A Jury Trial Must Precede Fines and Occupational Banishment


Although criminal defendants are generally allowed jury trials, civil defendants often don’t get the protection they deserve. Civil cases don’t involve jail time, but when the government takes your life savings and prohibits you from practicing your occupation, that is no small matter.

The Seventh Amendment protects the right to a civil jury. It requires that “In Suits at common law, where the value in controversy shall exceed twenty dollars, the right of trial by jury shall be preserved.”

In the modern era, the federal government has argued that the phrase “in suits at common law” means only lawsuits in courts. When the government established “administrative forums,” it claimed that they are exempt from the jury trial requirement. Those administrative forums have the power to ruin your life.

The government claims these cases concern “public rights” in which the government is the plaintiff—which makes that kind of case an exception to the Seventh Amendment. But the government’s theory is contrary to the history of the Seventh Amendment.

At America’s founding, juries composed of American colonists refused to enforce unjust English laws. In response, the British government stripped away the right to a jury trial by transferring civil cases of customs and trade violations to the vice-admiralty courts—which had no juries. Instead, the British governor selected the official who decided the case, and the fines these officials issued paid their salaries.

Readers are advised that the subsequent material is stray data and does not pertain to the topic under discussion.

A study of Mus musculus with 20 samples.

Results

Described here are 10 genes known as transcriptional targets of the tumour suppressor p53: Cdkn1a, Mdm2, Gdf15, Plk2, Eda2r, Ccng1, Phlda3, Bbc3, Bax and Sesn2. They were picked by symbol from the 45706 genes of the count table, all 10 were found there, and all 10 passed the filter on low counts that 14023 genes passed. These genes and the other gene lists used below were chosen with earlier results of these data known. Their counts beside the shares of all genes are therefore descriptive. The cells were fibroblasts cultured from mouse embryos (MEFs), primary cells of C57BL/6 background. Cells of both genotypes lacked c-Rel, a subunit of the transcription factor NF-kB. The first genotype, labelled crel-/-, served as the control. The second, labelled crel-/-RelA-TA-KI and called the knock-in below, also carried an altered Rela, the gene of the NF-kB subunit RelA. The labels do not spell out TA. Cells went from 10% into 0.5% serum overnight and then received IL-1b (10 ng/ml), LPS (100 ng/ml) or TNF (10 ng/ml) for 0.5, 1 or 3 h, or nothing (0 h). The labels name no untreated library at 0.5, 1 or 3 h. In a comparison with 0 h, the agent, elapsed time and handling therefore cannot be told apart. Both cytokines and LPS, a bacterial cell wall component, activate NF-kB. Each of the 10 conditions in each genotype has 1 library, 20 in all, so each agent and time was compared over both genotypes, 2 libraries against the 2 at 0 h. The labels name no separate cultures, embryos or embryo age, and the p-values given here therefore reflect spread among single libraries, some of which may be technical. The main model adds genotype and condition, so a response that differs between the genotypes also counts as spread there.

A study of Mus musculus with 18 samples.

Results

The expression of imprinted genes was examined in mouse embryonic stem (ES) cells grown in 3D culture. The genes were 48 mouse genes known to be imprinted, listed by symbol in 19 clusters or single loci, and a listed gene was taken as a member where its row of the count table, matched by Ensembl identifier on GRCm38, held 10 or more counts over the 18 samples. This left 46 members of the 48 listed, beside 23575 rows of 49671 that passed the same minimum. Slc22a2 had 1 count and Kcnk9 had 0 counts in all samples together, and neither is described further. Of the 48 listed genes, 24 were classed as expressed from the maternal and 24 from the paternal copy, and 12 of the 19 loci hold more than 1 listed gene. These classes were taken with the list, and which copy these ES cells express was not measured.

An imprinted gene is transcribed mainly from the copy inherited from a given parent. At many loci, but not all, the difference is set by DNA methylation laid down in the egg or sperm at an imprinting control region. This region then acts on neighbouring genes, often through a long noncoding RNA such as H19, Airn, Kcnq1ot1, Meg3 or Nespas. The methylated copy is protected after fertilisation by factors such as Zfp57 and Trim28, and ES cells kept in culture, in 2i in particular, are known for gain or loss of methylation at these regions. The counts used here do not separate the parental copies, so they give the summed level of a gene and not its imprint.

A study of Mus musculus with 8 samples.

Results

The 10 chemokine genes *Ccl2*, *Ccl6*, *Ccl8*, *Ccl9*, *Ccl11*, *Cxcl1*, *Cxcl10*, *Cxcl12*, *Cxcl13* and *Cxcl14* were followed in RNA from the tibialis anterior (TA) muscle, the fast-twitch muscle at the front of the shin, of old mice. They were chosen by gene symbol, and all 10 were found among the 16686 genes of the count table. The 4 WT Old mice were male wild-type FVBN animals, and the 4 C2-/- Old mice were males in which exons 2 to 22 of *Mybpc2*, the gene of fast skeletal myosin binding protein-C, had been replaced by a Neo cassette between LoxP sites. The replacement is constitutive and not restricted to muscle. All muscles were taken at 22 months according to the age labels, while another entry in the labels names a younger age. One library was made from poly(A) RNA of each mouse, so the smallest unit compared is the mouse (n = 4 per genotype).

The purpose of the Seventh Amendment was to prevent a repetition of this mockery of justice. Those cases in vice-admiralty courts were understood as “public rights” cases concerning customs and trade law violations in which the government was a party.

Those “public rights” proceedings, held without the moderating influences of everyday citizens on juries, were part of the long train of abuses that pushed the Founders to revolution. The Declaration of Independence explained that depriving the colonists of the benefits of trial by jury was a spur of the American Revolution. That deprivation sparked the Seventh Amendment. The “public rights” exception that the government now flourishes denies the very reason that the Seventh Amendment exists.

The Seventh Amendment “preserves” the right to a jury trial in civil courts when the amendment was ratified. Transferring those cases out of civil courts to forums without a jury means that the right that the Seventh Amendment is supposed to protect is no longer preserved.

The Securities and Exchange Commission accused Jarkesy of a kind of fraud that was well known to the Founders. Such matters were regularly heard in civil courts when the Seventh Amendment was ratified—and, back then, a defendant accused of such things was entitled to a jury. As such, when the government alleges such fraud today, this should not deprive Jarkesy of a jury trial.

The SEC levied a fine against Jarkesy and stripped him of his right to a lawful occupation. Both of those punishments required a jury, but none was allowed. The Supreme Court can restore the right to a jury trial when the government accuses someone of wrongdoing in a civil proceeding. We should find out what it decides sometime next spring.